In like manner, Kyle Van Noy also received similar criticism from local natives after his decision to commit to BYU. Much like the Cougars were able to silence Husky discontent with a victory, Van Noy hopes that he and his Cougars can once again invoke silence.
"I did receive a lot of criticism for my decision to come to BYU, but I'm not going to say too much about it," said Van Noy. "I think I'm just going to wait after the game to speak about that. I just want to do my job and do the best job for my team. I just want to get in there and learn to do it right and not mess up. That's kind of how I feel about how things are going for me right now. I don't really care about what other people are saying about my decision to come here right now."
Much like with Heaps, a lot of the criticism Van Noy received might come due to the fact that he didn't pick the local university. Van Noy and the Wolf Pack both hail from Reno, and some of the natives there apparently felt spurned by his decision to come to BYU.
"Yeah, it is my home town and they're talking a lot of trash, you know," Van Noy said. "That's the last of our worries, because we're focusing on what we need to do."
Van Noy's decision was likely disappointing to local fans because they knew what a talented football player he is. Now at BYU, he is splitting time with walk-on starting outside linebacker Jameson Frazier.
"If you play a true freshman too early they tend to drop off in performance towards the end of their career," Van Noy said. "The reason is they feel they've learned everything or that there is no reason to keep fighting because they're the starter. You want them to be on edge at all times. Like, I really want to be on the field you know, and once they get that shot you're rolling and will continue to roll ‘til they leave the school because they're always hungry.
"You don't ever want to start off a freshman too early. I've tried to be patient with it. But you know, it's hard because I'm on edge right now and I want to play. But I understand the process and I respect it knowing more about it."
The process of earning more playing time can be difficult for athletes used to being a star in high school. Most athletes go through this process while in college, and Van Noy is no exception. Coach Mendenhall has talked about Van Noy's maturation process and complimented him for it. It was a compliment that Van Noy took to heart.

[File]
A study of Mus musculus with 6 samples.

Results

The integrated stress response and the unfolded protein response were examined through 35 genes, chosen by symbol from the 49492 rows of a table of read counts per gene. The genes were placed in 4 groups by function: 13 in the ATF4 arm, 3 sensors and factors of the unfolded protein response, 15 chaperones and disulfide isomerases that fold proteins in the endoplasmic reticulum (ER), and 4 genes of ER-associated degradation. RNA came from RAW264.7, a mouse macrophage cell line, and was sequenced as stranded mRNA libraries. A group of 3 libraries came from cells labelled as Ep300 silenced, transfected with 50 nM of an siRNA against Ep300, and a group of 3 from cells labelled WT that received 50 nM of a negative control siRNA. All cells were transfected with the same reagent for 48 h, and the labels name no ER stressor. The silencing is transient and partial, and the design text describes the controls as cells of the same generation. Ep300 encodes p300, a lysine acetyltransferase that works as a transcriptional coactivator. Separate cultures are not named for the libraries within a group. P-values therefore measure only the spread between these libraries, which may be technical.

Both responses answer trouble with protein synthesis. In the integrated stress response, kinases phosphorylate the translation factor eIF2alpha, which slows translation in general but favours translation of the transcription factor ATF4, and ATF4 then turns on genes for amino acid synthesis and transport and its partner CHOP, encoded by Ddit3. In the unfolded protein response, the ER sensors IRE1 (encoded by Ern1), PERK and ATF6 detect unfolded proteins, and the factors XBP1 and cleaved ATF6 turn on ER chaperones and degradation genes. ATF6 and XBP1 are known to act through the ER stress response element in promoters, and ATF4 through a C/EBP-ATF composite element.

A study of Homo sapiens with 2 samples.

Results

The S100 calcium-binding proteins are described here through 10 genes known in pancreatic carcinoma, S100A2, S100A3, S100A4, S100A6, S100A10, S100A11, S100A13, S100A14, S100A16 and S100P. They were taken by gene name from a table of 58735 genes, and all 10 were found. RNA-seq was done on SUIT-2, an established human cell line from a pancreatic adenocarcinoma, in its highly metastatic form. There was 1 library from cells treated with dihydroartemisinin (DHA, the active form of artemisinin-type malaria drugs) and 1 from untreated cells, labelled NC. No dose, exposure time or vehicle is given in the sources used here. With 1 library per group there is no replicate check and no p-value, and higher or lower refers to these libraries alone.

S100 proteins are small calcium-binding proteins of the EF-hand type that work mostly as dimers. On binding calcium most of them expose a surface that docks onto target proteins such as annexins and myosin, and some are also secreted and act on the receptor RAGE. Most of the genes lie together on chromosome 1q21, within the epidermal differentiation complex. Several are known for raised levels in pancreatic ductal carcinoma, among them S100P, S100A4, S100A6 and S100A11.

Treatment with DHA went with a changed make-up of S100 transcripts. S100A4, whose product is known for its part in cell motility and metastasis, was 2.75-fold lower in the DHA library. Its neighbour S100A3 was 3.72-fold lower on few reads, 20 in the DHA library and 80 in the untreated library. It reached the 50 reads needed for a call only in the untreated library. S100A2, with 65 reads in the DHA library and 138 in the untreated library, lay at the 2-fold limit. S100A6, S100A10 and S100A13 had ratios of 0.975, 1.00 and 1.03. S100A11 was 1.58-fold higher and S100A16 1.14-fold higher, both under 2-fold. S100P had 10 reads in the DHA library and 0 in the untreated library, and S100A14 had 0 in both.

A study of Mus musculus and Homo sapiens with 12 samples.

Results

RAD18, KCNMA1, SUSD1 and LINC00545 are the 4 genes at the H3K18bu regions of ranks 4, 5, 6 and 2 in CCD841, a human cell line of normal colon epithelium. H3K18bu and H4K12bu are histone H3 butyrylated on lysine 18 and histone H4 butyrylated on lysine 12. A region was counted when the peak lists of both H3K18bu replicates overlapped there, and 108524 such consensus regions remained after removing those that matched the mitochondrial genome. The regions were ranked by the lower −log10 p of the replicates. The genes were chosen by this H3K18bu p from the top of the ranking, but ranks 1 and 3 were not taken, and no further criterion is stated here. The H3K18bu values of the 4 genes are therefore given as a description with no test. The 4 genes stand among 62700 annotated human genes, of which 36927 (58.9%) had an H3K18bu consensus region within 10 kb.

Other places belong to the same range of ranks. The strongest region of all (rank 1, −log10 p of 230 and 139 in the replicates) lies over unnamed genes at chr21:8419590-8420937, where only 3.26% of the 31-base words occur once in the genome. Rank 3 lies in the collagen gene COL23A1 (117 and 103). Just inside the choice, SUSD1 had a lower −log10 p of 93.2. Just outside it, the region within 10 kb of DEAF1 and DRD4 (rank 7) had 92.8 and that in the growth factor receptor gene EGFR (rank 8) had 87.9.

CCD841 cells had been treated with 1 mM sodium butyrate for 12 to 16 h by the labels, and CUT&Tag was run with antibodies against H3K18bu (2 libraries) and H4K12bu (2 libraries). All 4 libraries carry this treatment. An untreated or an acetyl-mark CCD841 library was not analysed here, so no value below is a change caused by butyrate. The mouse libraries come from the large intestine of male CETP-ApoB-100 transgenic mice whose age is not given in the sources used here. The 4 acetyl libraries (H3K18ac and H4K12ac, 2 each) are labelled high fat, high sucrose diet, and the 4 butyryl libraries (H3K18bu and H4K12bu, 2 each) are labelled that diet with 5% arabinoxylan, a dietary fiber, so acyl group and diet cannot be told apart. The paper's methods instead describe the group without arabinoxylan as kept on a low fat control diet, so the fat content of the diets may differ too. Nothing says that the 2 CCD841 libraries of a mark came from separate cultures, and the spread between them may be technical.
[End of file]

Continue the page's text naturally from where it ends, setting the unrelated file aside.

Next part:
"Yeah, me and Mendenhall, of course, have had a lot of talks together," said Van Noy with a smile. "It's great to get a compliment like that from him. He's always harping on me, so it's always nice to get a compliment from him. He's a great guy."
Van Noy has a lot of respect for his head coach.
"When you mess up he'll let you hear it, and when you do a good job he'll let you hear it, and that's how it needs to be," said Van Noy about Mendenhall.
Van Noy also said he is happy with how the coaches are developing him and the manner in which he is being utilized.
"Yes, oh yeah!" Van Noy said. "Being out here on the field every day, you're getting better. The way BYU plays, you learn to become a master of your position because the coaches harp on every little detail pertaining to the position. The coaches are out here helping you to become better every single day and I know that. I'm just on edge and want to play."
Coach Mendenhall and his staff have had to hold onto the reins of that passion while allowing time for Van Noy to develop. He has a ton of potential and the BYU coaching staff knows it. His first taste of college football came against Washington, and he had an expanded role against Florida State last Saturday.
"Well, Florida State was actually my first game playing against the run and the pass," Van Noy said. "In the Washington game, I was just in one package and I was to rush the passer, so in the Florida State game the coaches let me play a whole series in the game to let me get a feel for it, get more experience and get a feel for the speed of the game. I basically went out there and tried to do my job. I had a couple of errors here and there, but all in all it was a very good experience for me. Now I'm ready to go against Nevada."
After laying a 52-31 spanking on Cal last week, the 3-0 Wolf Pack are just out of the top-25 rankings. The Wolf Pack return 15 starters (six All-WAC performers) from last year's team, a team that went 8-5 overall and 7-1 in the WAC (good for second place).
"They run the ball really well," Van Noy said. "[Quarterback Colin] Kaepernick, I think, is a four year starter now. Basically the goal is to stop the running back and the quarterback."
Last season Kaepernick rushed for 1,183 yards. He was bested by running back teammate Vai Taua, who rushed for 1,345 yards. After three games this season, BYU's rush defense hasn't been very reflective of past Cougar defenses.
"Going into this game, we need to stop the run," Van Noy said. "We've been able to hold teams in the first half, but going into the third quarter we've been slipping. Our goal now is to win the third quarter. Then what's left in the fourth quarter is all heart, and that's what our team is built on: heart. Once we get past that third quarter we'll be a very successful defense."
Van Noy's Three Keys to Victory
"My three keys, I think a big one is the offense and defense have to feed off of each other," he said. "When the offense excels, the defense should get pumped about that and go out there and return the favor. Then the offense excels and feeds off of that and goes back out there.
"The second thing is I also think defensively we need to stop the run. We have to contain the run, and if we do that then we'll be good.
"The third thing is on offense we need to move the ball. Let Jake [Heaps] loose and let the whole offense loose for that matter."